Story at a glance
- Researchers at UCLA are closer than ever to finding a possible cure for HIV, which attacks the body’s immune system.
- In a recent study, scientists were able to eradicate HIV in 40 percent of HIV-infected mice.
- Globally, 38 million people are currently living with HIV, and an estimated 36 million have died of HIV-related diseases since the 1980s.
Researchers at UCLA have inched closer to finding a cure for human immunodeficiency virus by targeting infected cells that could be lying dormant in the body.
In a study published in the journal Nature Communications this week, researchers improved upon a method originally developed in 2017 to kill hidden HIV-infected cells using cells that are naturally produced by the body’s immune system.
The advance brings scientists one step closer to control or even eradicate the virus, which attacks the body’s immune system.
“These findings show proof-of-concept for a therapeutic strategy to potentially eliminate HIV from the body, a task that had been nearly insurmountable for many years,” Jocelyn Kim, the study’s lead author, said in a press release. “The study opens a new paradigm for a possible HIV cure in the future.”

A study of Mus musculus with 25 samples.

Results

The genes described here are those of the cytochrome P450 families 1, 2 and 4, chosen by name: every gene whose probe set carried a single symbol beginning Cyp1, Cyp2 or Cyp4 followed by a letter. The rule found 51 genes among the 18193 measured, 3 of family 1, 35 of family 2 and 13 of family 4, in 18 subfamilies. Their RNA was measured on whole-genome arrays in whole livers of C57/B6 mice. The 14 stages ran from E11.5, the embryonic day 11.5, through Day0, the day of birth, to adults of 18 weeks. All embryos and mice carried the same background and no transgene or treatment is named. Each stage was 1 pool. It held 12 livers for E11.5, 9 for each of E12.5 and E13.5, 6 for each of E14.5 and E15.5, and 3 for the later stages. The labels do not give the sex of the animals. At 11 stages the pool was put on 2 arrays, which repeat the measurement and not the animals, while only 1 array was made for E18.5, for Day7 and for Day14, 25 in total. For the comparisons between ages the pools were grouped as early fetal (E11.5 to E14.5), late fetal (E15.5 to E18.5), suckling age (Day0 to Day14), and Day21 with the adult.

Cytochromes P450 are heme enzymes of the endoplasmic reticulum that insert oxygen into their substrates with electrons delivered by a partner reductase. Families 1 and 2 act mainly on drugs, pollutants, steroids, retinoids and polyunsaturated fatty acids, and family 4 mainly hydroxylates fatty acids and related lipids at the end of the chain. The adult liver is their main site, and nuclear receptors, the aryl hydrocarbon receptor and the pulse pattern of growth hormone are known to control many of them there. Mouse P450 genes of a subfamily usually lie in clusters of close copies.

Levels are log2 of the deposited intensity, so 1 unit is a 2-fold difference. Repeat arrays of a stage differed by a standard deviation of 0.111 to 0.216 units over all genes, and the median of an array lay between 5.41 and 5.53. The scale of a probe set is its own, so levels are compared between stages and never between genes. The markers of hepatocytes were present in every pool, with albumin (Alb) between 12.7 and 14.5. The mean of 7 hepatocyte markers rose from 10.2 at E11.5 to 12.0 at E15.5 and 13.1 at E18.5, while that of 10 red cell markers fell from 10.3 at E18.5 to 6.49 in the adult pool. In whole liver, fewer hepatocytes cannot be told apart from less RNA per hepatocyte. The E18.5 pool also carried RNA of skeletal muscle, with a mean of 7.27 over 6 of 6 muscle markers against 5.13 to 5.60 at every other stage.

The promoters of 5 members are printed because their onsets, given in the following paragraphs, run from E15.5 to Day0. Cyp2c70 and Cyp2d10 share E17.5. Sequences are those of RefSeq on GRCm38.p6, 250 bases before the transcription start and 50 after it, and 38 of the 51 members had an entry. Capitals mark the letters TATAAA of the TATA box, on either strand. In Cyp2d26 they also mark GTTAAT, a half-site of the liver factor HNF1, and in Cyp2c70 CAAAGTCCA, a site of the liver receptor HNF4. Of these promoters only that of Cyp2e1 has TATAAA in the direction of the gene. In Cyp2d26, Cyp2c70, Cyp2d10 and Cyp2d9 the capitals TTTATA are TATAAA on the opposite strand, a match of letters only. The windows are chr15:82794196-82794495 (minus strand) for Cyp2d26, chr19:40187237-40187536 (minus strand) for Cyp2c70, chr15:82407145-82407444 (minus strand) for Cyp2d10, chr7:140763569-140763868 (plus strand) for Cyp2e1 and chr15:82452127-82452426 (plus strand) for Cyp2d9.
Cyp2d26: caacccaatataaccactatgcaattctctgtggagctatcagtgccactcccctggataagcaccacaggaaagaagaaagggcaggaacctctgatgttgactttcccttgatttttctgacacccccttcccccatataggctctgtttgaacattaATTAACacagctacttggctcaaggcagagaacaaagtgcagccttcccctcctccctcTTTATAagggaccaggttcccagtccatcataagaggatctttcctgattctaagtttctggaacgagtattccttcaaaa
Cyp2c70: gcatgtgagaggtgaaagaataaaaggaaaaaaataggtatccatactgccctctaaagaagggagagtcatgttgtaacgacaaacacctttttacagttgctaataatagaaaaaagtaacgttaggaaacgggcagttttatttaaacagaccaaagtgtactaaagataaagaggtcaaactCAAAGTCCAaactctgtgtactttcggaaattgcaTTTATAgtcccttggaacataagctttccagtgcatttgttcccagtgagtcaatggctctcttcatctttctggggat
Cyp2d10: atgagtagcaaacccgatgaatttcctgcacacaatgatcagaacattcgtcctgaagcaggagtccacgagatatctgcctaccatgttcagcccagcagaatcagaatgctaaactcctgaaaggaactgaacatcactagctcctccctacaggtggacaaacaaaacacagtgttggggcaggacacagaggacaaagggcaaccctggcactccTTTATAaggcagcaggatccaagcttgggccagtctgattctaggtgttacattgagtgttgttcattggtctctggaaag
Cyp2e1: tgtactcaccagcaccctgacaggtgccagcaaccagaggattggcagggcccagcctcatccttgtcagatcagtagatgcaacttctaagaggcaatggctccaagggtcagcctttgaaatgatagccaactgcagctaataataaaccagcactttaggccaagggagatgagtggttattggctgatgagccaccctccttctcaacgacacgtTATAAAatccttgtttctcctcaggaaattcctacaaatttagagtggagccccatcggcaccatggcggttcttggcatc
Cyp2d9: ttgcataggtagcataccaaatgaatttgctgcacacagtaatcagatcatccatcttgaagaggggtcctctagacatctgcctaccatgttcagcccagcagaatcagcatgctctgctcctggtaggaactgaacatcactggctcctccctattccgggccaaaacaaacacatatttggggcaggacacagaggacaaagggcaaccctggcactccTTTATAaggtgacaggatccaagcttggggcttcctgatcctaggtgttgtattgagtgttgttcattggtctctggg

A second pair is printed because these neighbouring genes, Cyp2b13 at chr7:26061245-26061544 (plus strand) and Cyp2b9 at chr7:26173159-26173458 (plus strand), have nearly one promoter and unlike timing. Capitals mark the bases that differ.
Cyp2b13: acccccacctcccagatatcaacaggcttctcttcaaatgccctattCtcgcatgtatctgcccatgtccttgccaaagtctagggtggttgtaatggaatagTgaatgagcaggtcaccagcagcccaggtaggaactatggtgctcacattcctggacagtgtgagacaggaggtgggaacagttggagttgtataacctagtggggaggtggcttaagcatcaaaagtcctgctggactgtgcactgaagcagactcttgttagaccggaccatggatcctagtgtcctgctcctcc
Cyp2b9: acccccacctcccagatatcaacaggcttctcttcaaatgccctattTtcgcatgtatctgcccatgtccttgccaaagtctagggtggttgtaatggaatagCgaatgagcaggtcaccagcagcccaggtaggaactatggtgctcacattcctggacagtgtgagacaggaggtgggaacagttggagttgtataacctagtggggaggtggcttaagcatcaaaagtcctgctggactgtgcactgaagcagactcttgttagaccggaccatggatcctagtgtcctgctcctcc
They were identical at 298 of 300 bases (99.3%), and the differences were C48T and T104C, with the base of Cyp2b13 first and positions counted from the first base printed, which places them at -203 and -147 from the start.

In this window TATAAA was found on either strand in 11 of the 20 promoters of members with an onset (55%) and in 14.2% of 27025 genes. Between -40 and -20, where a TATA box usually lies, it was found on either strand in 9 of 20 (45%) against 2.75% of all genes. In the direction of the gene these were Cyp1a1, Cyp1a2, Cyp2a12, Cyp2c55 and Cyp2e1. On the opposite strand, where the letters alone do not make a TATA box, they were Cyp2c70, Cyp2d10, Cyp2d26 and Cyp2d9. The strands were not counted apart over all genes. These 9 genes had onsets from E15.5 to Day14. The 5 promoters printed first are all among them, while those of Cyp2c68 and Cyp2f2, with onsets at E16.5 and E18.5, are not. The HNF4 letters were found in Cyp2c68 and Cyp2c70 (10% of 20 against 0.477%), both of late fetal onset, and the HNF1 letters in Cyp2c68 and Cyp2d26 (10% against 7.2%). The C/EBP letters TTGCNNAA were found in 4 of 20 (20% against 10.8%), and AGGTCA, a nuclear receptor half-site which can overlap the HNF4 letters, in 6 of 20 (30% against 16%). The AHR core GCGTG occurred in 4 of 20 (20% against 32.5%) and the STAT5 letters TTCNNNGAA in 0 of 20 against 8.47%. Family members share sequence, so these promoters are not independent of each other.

Globally, 38 million people are currently living with HIV, and an estimated 36 million have died of HIV-related diseases since the 1980s, according to UNAIDS. Over time, HIV can develop into acquired immunodeficiency syndrome, or AIDS, a chronic and potentially life-threatening condition.
People diagnosed with HIV typically take antiretroviral medication to keep the virus at bay, but the HIV still has the ability to elude antiretrovirals by lying dormant in cells called CD4+ T cells.
UCLA researchers’ recent findings build on a strategy designed in 2017 called “kick and kill.” During that study, mice whose immune system had been altered to mimic those of humans were infected with HIV and given antiretroviral drugs.
After a synthetic compound was administered to activate the mice’s dormant HIV, researchers observed that up to 25 percent of the previously dormant cells died within 24 hours.
This time around, researchers used the same compound to “flush HIV-infected cells out of hiding,” before injecting “healthy natural killer cells” into the mice’s bloodstream.
In 40 percent of the infected mice, HIV was completely cleared.
According to Kim, her team’s next objective is to develop an approach which eliminates HIV in 100 percent of the mice they test in further experiments.
“We will also be moving this research toward preclinical studies in nonhuman primates with the ultimate goal of testing the same approach in humans,” she said.